It was less than 18 months ago that Marriott International brought us news that a data breach of the Starwood guest reservation database extended back until 2014 and had impacted up to 500 million guests at its portfolio of hotels.
Last week, it revealed that contact details, loyalty account information, additional personal details, partnerships and affiliations and personal preference information may have been illegally accessed for 5.2 million guests from a property system.
The information was accessed through an application used by hotels operated and franchised under Marriott brands to provide services to guests. It says that at the end of Feb-2020, it identified that an unexpected amount of guest information may have been accessed using the login credentials of two employees at a franchise property, starting from the middle of Jan-2020.
Upon discovery, Marriott says the login credentials were disabled, immediately and it began an investigation, implemented heightened monitoring, and arranged resources to inform and assist guests. Marriott also notified relevant authorities and is supporting their investigations.
For the previous data breach, it was alerted to an attempt to access the system on 8-Sep-2018 and an investigation concluded on 19-Nov-2018 that there had been unauthorised access to the system. Marriott says the “unauthorised party” copied and encrypted information and took steps toward removing it.
For up to 327 million of those 500 million in the compromised database, the information included some combination of name, mailing address, phone number, email address, passport number, Starwood Preferred Guest account information, date of birth, gender, arrival and departure information, reservation date and communication preferences. An unidentified number of records also included encrypted payment card numbers and expiration dates.
But it is not just global brands that are at risk, but everyone of us. In its latest advice for travel managers and business travellers on the COVID-19 pandemic, travel risk intelligence company, Riskline, acknowledged security concerns such as service disruptions, strikes, protests and unrest, xenophobic attacks and surveillance may manifest as the crisis evolves in certain countries. But, it is also highlighted fraud and scams as a major concern.
It warned that criminals may attempt to exploit the pandemic as an opportunity to profit through scams, phishing attacks, malware and other forms of fraud, noting that approximately 3,600 new internet domains containing the word ‘coronavirus’ were created between 14-Mar-2020 and 18-Mar-2020. “Take common sense precautions for digital security, including verifying urls and the source of message attachments before opening them,” it advised.
We are all vulnerable currently. Our routines have changed. We are anxious and stressed and face constant negative stories. We are also much more reliant upon using our home technology, which may not have the same levels of security as our office-based systems.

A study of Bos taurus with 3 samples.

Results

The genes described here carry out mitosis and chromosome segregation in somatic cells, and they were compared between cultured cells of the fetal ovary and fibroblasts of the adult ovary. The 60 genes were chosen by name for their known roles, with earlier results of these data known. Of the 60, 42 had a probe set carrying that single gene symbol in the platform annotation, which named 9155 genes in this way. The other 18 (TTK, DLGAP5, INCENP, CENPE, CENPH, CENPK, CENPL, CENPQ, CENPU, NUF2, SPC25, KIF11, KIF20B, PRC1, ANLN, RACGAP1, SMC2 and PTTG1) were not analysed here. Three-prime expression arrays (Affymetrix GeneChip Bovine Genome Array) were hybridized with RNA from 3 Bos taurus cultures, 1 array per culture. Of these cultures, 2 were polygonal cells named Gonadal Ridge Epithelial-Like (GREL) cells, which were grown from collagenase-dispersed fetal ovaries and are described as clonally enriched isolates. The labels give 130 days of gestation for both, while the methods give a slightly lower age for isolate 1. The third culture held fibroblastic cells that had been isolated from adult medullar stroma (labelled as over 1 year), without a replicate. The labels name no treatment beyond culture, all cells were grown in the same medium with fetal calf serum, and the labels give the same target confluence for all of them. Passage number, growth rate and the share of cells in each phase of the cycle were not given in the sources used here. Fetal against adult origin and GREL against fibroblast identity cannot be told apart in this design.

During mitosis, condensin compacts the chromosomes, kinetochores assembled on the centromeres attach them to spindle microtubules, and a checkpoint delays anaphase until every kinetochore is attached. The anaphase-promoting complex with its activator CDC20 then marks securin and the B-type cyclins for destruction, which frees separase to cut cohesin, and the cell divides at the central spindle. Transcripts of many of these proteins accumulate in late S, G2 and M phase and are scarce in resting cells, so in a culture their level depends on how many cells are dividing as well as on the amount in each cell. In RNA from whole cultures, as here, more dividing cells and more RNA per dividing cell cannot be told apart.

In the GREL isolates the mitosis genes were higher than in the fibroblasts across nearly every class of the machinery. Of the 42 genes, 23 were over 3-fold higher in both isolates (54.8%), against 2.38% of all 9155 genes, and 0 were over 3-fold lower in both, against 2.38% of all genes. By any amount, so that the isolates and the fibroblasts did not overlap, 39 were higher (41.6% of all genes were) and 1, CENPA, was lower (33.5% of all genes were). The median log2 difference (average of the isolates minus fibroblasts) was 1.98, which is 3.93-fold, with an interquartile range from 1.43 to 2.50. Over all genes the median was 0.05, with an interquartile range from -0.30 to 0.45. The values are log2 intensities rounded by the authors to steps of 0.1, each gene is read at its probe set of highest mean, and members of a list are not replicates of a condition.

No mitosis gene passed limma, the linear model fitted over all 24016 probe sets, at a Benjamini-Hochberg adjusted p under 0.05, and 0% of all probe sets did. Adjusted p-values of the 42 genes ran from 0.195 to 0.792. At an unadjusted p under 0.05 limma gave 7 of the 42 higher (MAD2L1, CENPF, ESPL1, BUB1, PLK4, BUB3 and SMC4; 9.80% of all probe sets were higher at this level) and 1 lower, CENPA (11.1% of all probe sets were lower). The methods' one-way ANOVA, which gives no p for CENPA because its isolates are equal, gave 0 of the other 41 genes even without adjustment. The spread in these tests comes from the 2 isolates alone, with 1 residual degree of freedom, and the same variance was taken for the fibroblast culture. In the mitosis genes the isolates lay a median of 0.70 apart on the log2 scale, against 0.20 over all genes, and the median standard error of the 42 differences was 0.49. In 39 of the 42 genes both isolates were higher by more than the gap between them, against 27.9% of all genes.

The UK’s fraud prevention agency Cifas reports a surge in coronavirus scams. Expanding on the figures from Riskline, it says there were 3,000 internet domains containing the word ‘coronavirus’ on 01-Mar-2020, but that had grown to more than 57,000 by 22-Mar-2020.
The UK’s home workers are already plagued with regular calls from individuals purporting to be internet service providers threatening to shut off our WiFi. For the increasing number now also working from home, under both work and home stress, you could be easily fooled into sharing personal and even financial information.
Cifas says it has also seen an increase in emails from fraudsters impersonating CEOs or IT departments asking employees for access to their device and to share their screen information. Once they gain access, criminals are subsequently stealing banking and personal information.
Emails and texts purporting to be from government departments including HMRC offering grants and advice for workers and business owners affected by the coronavirus pandemic are also in circulation. These usually ask for personal data or contain a link that once downloaded, infiltrates a person’s device with malicious malware.
Fraudsters are always looking for new opportunities to steal money and information, but there is a great deal of evidence to show that they are specifically targeting homeworkers and preying on their anxiety during the coronavirus crisis, explains Mike Haley, CEO of Cifas.
“Employees working from home need to take a moment to stop and think before responding to any request for personal or financial information, even if they believe it is coming from their employer. Don’t be afraid to challenge a request if you cannot confirm it is legitimate, and remember that only criminals will try to rush or panic you into a decision,” he advises.
While we may be concerned that a major brand is reporting another data breach. More than ever, we also need to be hyper-vigilant of fraudulent activity and not let criminals take advantage of our fear during this difficult time.